One of the many lessons that I teach to my private guitar students is something I call “applied technique.” The idea is to take a repeatable riff and solo over it using different sets of constraints. For example, the student will solo at a specific tempo for 3 minutes playing straight 8th notes and nothing else. Then the student will do the same thing playing triplets or 16th notes. As the student gets more experienced in this, the tempos will slightly increase. It forces the student to be creative, and pushes them to develop the ability to think when soloing, instead of just regurgitating their favorite cliché licks. As the student practices variations of this technique, they will find that over time, several things will happen:

  • The student improves their melody writing.
  • The student gets more conformable with the fret board.
  • The student develops their improvisation skills.
  • The student learns how to apply varying techniques while soloing.

I have found over time that of all the things that I teach, this tends to be one of the most valuable lessons as it both fun and challenging. So, I have decided to put together an “applied technique” regiment for you to work on. We are going to use the same jam track for this. To keep it simple, the riff is going to be from the solo section of the song “free bird.” We are going to be in the key of G major (you will solo in e minor). I included some very short examples of each section of myself doing a quick 1 take improvisation as a basic example for you so you can get the idea of what you should be doing.

Round 1

We are going to start out simple. You are constrained to using 1 note: E (12th fret of the high e string). The point of this round is to force you to think about rhythm and how to make your solo interesting by using varied rhythms. I will do a short demonstration first.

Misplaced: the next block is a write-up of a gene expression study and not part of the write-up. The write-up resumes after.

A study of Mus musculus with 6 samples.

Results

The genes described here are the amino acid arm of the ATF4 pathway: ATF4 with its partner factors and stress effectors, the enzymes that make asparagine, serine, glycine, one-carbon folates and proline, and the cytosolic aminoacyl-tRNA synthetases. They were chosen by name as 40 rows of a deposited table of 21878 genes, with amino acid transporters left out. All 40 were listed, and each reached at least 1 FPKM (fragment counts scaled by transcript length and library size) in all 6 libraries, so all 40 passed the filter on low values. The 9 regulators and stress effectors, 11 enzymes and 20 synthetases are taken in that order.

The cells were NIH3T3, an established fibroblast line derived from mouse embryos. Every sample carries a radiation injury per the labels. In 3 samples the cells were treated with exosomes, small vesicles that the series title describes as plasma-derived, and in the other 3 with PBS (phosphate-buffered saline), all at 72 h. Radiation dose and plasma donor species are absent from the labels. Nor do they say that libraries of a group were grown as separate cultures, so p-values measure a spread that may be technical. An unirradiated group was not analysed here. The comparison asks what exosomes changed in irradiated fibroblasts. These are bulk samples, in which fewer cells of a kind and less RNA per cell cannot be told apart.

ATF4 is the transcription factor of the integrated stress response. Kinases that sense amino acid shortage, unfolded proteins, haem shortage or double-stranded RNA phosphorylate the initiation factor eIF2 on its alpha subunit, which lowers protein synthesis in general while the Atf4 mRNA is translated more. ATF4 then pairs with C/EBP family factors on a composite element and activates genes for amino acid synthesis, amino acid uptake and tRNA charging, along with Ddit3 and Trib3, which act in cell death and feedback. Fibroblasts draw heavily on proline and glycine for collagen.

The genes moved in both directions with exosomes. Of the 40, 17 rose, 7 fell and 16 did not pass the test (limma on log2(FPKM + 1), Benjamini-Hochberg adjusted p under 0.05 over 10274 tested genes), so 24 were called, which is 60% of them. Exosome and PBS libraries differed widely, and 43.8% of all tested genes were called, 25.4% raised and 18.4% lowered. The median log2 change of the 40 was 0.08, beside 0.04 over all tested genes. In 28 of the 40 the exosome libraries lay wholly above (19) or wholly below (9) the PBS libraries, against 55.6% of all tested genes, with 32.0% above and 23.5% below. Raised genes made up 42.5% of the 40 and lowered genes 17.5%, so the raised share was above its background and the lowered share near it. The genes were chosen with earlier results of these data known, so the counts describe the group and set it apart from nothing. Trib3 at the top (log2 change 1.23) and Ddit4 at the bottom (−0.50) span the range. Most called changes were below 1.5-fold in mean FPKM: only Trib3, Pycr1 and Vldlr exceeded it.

Round 1 – Me

Round 1 – You

Round 2

Now that you are a master of one note soloing, let us slightly expand on that idea. You are now allowed to use only 3 notes. We are going to stick to the E minor pentatonic scale to keep it simple. You are allowed to use the 12th fret on the B string (B), the 15th fret on the B string (D), and the 12th fret on the high E string (E). Again, since you are limited in note choice, you will be forced to make your solo interesting by using rhythm as your main weapon. Keep in mind that you can use bends, tapping, or anything else you see fit that only uses those 3 notes in that octave. Again, I will do a short demonstration first.

Round 2 – Me

Round 2 – You

Round 3

In this round, we are going to limit ourselves to the E minor pentatonic scale and you must play straight 8 notes. Remember, you cannot play anything but 8th notes. Since rhythm is your constraint, you must find ways to make your solo interesting by creating melodies and using good note choice. Some ideas you might want to consider trying when you solo that will help you make melodies: pedal points, open string licks, and sequencing. Alright, I guess I am up first again.

Round 3 – Me

Round 3 – You

Round 4

Now that you have tried using 8th notes, try using the same rules as the last round but with only triplets.

Round 4 – Me

Round 4 – You

Round 5?

Now that you are starting to get the hang of this, try setting up your own constraints or creating your own progressions. The beauty of this is that you can make this exercise really easy or super complex depending on what you are soloing over and at what tempo you are doing so. For starters, a good idea is to take a riff like the jam track I provided and record it at different tempos. Playing at faster tempos can be really hard for you at first, especially when you are constraining yourself to playing 16th notes or faster. As you get more comfortable with this kind of soloing, you can increase the tempos and it will help you improve your techniques. You will find that if you practice this type of soloing everyday, you will greatly improve your guitar playing. The goal is to help you apply various techniques with ease so you can think about your improvisation, not what your hands are doing. There are so many different variations that you can do to make this exercise either harder or easier. It is your job to push yourself to advance.